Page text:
Benedict Arnold: How The Traitor Was Unmasked

PrintPrintEmailEmail
 

The most famous, or infamous, traitor in American history was Major General Benedict Arnold—a brilliant officer, a whirlwind hero, a trusted military comrade of George Washington’s. The culmination of his treachery was a plot to deliver up West Point, America’s strongest and most important fortification, to the British. AMERICAN HERITAGE presents in this issue two segments of Benedict Arnold’s complex story. “How the Traitor Was Unmasked,” by James Thomas Flexner, is the exciting and moving account of General Washington’s discovery of his friend’s “villainous perfidy”—an excerpt from Mr. Flexner’s book, George Washington in the American Revolution, to be published early in 1968 by Little, Brown and Company. In “The Aftermath of Treason,” Milton Lomask tells the story of the Arnolds’ subsequent life in England and Canada. —The Editors

As he rode back toward his army after a frustrating conference with his French allies at Hartford, Connecticut, on September 24, 1780, George Washington felt the need of some gaiety to raise his melancholy spirits. He looked forward eagerly to a relaxed evening at the home of old friends—his military comrade Benedict Arnold and Arnold’s pretty wife, Peggy, whom Washington had known since she was a girl. The Commander in Chief intended to enjoy his dinner and a good night’s rest, and then to spend the next clay inspecting the great patriot fortification at West Point, which Arnold now commanded.

Business, however, intervened. On the road he met the French ambassador, Chevalier Anne Cesar de la Luzerne, and had to pause for further involved negotiations. He spent the night at Fishkill, New York.

Early the next morning, as soon as the autumnal sky began to lighten, Washington set out again on his interrupted journey. It was only a short ride to Arnold’s headquarters, but there were redoubts along the river that Washington felt he ought to visit. As he repeatedly turned off the highroad down lanes rutted by the wheels of cannon, his companions—the Marquis de Lafayette, the artillery general Henry Knox, and a flock of aides—became impatient. Eventually, Lafayette (so it is reported) reminded Washington that Mrs. Arnold was waiting breakfast for them.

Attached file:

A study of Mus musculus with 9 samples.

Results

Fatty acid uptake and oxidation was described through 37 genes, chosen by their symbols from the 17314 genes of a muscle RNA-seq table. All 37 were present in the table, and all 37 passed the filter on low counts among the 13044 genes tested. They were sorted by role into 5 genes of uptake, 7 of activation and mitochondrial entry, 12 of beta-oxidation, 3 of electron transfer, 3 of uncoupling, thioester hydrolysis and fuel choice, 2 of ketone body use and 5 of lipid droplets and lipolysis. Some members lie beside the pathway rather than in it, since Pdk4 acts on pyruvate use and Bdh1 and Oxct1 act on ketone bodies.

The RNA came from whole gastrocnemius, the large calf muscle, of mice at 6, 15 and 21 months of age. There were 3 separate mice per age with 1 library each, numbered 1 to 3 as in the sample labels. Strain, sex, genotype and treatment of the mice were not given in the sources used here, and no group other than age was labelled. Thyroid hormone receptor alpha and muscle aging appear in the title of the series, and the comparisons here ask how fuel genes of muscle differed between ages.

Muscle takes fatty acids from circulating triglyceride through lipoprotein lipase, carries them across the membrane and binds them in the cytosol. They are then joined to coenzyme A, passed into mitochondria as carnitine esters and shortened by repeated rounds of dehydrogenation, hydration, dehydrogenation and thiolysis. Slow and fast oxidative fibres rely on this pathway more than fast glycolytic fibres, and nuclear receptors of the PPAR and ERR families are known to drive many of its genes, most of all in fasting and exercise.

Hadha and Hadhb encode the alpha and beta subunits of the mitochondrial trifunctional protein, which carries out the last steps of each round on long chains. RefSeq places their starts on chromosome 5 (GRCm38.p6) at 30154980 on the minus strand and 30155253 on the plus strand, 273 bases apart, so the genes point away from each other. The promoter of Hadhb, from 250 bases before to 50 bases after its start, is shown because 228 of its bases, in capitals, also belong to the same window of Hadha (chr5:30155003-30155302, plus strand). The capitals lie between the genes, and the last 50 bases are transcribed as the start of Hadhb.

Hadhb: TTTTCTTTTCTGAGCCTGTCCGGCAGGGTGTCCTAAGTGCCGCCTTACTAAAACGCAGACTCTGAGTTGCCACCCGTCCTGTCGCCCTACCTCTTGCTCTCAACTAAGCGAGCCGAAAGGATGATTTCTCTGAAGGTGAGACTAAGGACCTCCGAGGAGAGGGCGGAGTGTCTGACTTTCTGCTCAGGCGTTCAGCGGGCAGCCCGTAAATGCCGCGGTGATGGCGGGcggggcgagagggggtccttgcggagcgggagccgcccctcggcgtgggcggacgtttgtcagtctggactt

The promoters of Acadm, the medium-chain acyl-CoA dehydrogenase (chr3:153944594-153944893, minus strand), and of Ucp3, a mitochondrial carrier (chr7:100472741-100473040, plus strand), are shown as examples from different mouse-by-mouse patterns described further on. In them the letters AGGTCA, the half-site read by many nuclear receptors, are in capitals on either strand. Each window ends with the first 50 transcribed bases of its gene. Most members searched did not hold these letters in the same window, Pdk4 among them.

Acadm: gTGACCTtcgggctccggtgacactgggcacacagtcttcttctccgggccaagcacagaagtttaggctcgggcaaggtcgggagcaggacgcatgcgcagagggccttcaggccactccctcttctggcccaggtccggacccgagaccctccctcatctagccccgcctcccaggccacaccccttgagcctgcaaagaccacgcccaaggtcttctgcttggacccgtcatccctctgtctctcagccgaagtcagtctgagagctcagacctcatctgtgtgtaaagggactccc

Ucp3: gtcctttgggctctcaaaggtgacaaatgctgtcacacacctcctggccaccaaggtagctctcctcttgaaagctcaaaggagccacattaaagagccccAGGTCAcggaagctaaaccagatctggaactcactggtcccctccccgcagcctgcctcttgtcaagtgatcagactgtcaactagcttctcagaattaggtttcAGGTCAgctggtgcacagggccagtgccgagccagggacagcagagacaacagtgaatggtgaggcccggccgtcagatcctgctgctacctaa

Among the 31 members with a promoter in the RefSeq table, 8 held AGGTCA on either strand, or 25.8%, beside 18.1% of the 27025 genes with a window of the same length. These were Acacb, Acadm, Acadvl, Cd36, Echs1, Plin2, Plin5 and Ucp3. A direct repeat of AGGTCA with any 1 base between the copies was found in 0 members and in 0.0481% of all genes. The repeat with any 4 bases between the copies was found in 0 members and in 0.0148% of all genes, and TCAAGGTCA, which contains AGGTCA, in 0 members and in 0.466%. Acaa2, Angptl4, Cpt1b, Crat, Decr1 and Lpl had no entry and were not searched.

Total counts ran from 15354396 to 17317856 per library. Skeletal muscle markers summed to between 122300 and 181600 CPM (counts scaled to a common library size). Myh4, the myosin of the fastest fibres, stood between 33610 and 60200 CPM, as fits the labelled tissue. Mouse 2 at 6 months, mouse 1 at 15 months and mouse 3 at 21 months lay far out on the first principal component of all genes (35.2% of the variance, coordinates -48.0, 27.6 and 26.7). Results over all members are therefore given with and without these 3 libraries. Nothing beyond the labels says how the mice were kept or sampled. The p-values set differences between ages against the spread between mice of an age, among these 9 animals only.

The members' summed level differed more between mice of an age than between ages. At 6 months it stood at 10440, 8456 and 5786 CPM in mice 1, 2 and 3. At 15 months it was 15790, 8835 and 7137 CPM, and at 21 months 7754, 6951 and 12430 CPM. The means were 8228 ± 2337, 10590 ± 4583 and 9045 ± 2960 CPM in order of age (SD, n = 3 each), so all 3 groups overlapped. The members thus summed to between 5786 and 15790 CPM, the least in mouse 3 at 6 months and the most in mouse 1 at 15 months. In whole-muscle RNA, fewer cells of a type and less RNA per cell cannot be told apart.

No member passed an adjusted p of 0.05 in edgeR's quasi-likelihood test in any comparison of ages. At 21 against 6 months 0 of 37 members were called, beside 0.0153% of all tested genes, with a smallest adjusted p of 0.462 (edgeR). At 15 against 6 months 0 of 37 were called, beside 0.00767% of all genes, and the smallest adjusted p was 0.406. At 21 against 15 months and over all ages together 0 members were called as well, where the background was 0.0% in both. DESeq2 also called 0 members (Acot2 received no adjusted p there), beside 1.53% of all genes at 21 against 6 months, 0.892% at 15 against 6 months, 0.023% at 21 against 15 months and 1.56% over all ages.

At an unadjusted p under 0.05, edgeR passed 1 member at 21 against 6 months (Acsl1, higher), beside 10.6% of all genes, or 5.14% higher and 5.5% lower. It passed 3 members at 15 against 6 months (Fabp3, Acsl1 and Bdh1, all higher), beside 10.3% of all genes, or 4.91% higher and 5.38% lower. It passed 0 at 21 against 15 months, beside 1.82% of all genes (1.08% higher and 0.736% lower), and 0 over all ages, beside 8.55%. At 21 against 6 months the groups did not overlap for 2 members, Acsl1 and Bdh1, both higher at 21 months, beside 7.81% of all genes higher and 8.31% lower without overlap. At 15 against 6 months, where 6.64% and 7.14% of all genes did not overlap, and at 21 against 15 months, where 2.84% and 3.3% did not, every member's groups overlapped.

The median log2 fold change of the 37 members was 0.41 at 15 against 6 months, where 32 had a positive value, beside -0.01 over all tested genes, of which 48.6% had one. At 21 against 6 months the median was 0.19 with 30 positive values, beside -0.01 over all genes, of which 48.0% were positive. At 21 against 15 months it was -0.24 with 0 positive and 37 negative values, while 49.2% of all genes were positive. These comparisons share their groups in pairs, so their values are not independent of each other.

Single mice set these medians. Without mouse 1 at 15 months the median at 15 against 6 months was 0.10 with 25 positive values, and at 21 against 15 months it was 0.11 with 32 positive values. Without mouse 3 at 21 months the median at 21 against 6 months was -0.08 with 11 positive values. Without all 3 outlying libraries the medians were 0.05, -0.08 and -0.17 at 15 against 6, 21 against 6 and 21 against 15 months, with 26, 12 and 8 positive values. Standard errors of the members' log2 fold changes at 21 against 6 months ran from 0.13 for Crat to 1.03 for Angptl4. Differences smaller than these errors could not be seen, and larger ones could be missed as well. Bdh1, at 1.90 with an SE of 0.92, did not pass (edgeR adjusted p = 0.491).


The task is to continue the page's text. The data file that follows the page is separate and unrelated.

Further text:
The Commander replied genially, “Ah, I know you young men are all in love with Mrs. Arnold. … You may go and take your breakfast with her, and tell her not to wait for me.” Lafayette and most of the party decided to stay with his Excellency, but two aides, Captain Samuel Shaw and Major James McHenry, rode ahead with the message.

Inspection takes time, and the morning was far advanced before Washington finally glimpsed Arnold’s headquarters through the trees. Robinson’s House stood on the east bank of the Hudson, about a mile and a half below West Point. Correct eighteenth-century gentlemen considered that the location—“surrounded on two sides by hideous mountains and dreary forests, [and] not a house in view but one within a mile”—could appeal only to “a taste for romantic singularity and novelty.” But Washington looked forward to a warm welcome: the firm handshake of Arnold, and the winning smiles of sweet, blonde, girlish Peggy.

He spurred his horse slightly and approached the rambling, capacious two-story mansion house. Since he had sent four light-horsemen to alert the Arnolds of his immediate arrival, he expected to find that friendly couple waiting at the door to greet him. He saw instead a foppish young man who stood alone, bowing a meticulously powdered head, while embarrassment marked his features. Washington probably recognized Arnold’s aide, David Salisbury Franks. In voluble sentences punctuated by nervous giggles, Franks stated that Mrs. Arnold had not yet arisen and that the General had left by water for West Point. The General had told Franks that he was on his way to prepare a suitable welcome for his Excellency. Had his Excellency breakfasted? When Washington said he had not, Franks bustled off to get food on the table.

This greeting was disappointing. But Washington knew that it was natural for belles to sleep late, and he could not have been displeased that Arnold was preparing a reception for him, since he believed that ceremonies of respect to high officers improved both the appearance and the discipline of an army. He ate a leisurely breakfast. Then, leaving his aide Colonel Alexander Hamilton behind to receive any dispatches, he descended with a small group to the landing where a barge and its oarsmen were waiting to transport him to West Point.

The oarsmen created ripples in the water as they rowed, and the fortress came ever more clearly into view. It seemed to slant backward as it mounted the precipitous west shore of the river. Not very far above the water, Fort Arnold, the main redoubt, clung to a sheer crag like a monstrous crab. As the surrounding hills billowed higher, they revealed ramparts pierced for cannon, while near the sky three peaks were topped with semi-independent forts. The mazelike, interweaving walls were built of a mixture of wood, turf, and stone. Scars on the hillsides spoke of quarrying too recent to have greened over, and piles of rocks and logs indicated construction still only planned. Washington knew that a short distance downstream the river washed from bank to bank over the links of a tremendous iron chain resting on huge logs. On this spot the main cannon were trained.